Origin of Bhagavata Purana
History suggests that the text was written in the 9th or 10th century. However, Hindu religious tradition holds it to be one of the works of Vyasa written at the beginning of Kali Yuga (about 3100 BC).
Content of Bhagavata Purana
The Bhagavata Purana is actually the conversation between King Parikshit (grandson of Arjuna) and Saint Sukadeva Goswami. King Parikshit was cursed by a Brahmin that he would die within seven days. So he decided to give up his kingly duties and search for the purpose of life. As he was mentally preparing for his approaching death he met the great saint Sukadeva Goswami, who was searching for a suitable disciple to whom he might impart his great knowledge. He decided to teach King Parikshit. The conversation between the two goes on uninterrupted for seven days. During this period the king does not eat, drink or sleep. The saint explains to him that one's goal in life is to understand the absolute truth that is personified as Lord Krishna, the supreme God.
The Srimad Bhagavatam speaks about several topics, which in modern times have been subjected to scientific speculation and research. The Third canto (chapter 11) deals with the calculations of time. At the same time it goes into detail about the human life starting from the development of the embryo in the womb. The first section of the literature also contains stories of devotees and objects of their devotion: the various avataras of Krishna or Vishnu. The most famous section is the 10th Canto, which deals in detail with the story of Krishna's appearance and pastimes in Vrindavan.
Lord Krishna in Bhagavat Purana
The Bhagavata Purana depicts Krishna not as a Jagat-guru (teacher) as stated in the Bhagavad Gita, but as a heroic young boy brought up by cowherd parents, Nand and Yashoda, in a small village situated on the banks of the Yamuna River. Young Krishna's childhood plays and acts of bravery in protecting villagers from demons and his pastimes with the cowherd girls (Gopis) is narrated in a simple style. The intense devotion of the Gopis towards Lord Krishna expressed through love is later described as Bhakti Yoga. When Krishna leaves for Mathura on a mission, the Gopis' become grief- stricken. Their intense longing is presented as a model of extreme devotion to the Supreme Lord. In a way, Bhagavata Purana paved the way for the various schools of Bhakti Movement.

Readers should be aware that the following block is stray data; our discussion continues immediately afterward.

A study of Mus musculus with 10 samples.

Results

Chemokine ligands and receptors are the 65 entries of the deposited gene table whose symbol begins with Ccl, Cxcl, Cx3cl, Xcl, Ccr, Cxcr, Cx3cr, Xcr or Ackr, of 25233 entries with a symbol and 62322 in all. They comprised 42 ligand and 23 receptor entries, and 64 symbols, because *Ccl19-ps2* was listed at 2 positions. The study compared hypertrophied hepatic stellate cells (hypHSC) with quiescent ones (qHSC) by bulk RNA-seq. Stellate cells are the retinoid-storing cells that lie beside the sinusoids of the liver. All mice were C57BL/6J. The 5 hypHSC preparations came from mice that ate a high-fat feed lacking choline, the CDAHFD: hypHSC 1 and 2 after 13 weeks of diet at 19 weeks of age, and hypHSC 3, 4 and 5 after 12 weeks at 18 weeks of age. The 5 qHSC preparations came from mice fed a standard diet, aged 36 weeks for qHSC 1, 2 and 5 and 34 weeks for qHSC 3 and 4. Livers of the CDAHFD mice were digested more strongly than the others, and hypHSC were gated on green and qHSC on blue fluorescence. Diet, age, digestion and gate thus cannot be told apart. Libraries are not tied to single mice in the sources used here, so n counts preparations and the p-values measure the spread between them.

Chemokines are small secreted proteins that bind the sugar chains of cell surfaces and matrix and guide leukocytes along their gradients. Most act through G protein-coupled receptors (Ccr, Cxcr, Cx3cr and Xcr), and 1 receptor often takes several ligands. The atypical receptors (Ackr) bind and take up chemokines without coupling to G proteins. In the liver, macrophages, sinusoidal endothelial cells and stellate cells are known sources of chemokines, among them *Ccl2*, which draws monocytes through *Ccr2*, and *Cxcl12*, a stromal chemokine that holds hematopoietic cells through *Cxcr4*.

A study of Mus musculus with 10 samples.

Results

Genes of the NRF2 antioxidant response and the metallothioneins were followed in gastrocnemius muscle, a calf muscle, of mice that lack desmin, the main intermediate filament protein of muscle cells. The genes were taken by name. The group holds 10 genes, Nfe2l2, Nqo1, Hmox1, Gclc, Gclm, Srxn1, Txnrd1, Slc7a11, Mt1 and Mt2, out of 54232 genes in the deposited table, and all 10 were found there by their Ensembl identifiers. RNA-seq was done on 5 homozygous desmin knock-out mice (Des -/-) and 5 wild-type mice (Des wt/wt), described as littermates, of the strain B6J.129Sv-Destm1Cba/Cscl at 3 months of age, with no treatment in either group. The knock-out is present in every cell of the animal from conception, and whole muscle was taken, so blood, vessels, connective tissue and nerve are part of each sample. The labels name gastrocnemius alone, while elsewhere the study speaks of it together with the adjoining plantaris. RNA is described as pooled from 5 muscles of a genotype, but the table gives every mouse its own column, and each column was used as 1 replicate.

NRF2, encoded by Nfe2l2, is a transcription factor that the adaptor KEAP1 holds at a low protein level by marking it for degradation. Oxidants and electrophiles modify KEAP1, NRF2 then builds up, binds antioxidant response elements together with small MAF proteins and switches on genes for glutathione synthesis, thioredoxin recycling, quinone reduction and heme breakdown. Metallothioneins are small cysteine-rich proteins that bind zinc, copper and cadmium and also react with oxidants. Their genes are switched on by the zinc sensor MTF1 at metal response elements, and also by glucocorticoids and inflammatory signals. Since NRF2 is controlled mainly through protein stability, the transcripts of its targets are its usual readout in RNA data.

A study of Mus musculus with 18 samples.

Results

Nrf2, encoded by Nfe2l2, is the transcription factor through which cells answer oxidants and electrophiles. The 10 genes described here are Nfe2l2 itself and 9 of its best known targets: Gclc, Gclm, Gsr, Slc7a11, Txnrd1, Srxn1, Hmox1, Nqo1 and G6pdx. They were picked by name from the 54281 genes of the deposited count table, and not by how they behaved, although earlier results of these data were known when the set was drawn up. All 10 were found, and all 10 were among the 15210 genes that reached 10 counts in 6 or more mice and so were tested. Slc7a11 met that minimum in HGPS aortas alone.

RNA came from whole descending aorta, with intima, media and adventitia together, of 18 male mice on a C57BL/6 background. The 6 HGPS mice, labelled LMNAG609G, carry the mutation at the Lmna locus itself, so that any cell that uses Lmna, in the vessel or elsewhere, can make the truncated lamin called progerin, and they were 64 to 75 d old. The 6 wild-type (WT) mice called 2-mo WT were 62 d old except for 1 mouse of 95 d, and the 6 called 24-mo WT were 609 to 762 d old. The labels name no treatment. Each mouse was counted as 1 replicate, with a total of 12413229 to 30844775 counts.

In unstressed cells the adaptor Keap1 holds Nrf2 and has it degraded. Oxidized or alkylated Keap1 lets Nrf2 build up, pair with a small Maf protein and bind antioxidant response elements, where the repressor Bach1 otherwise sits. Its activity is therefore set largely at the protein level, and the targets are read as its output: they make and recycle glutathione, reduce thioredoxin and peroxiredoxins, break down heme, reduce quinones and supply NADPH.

Philosophy in Bhagavata Purana
Srimad Bhagavatam bears the essence of Vedic literature and Vedanta philosophy, and it can be said to be the source of the theology of Vaishnavism and Gaudiya Vaishnava theology. It is the most complete and authoritative exposition of Vedic knowledge and covers everything from the nature of the self to the origin of the universe, and touches upon all fields of knowledge. It raises and answers fundamental questions like what is life, what is a human being's role in life, what is meant by cycle of birth and death, what is the relation between God and man. It is the Bhagavata Purana which adds the fifth element of devotion (or divine service) besides well-known four aspects of life i.e. Dharma (morality), Artha (acquiring wealth), Kama (pleasure) and Moksha (liberation or salvation).
The impact of Bhagavata on Indian life over the ages has been immense. Other than being an important Hindu literature, it has served as the inspiration for countless works of literature, song, drama, painting, sculpture, folk-theatres and crafts. Stories of Lord Krishna from childhood to the Kurukshetra battle in Mahabharata figure in one form or other in Vaishnava temple sculptures. All the important dance types, Bharatnatyam, Kathak, Kathakali, Odissi and Manipuri dance have themes taken from the Bhagavata Purana. Even today it exerts a powerful influence on the life and thought of the innumerable adherents of the sect of the Bhagavatas (worshippers of Vishnu under the name of 'Bhagavat'). The extremely numerous manuscripts and prints of the text itself, as well as of many commentaries on the whole work and of separate explanatory writings on parts of it, in addition to the many translations into Indian vernaculars, bear witness to the enormous popularity of the work in India. It is in accordance with this its significance, that it is the first Purana that has been edited and translated in Europe. Moreover it is the one Purana which, more than any of the others, bears the stamp of a unified composition, and deserves to be appreciated as a literary production on account of its language, style and metre.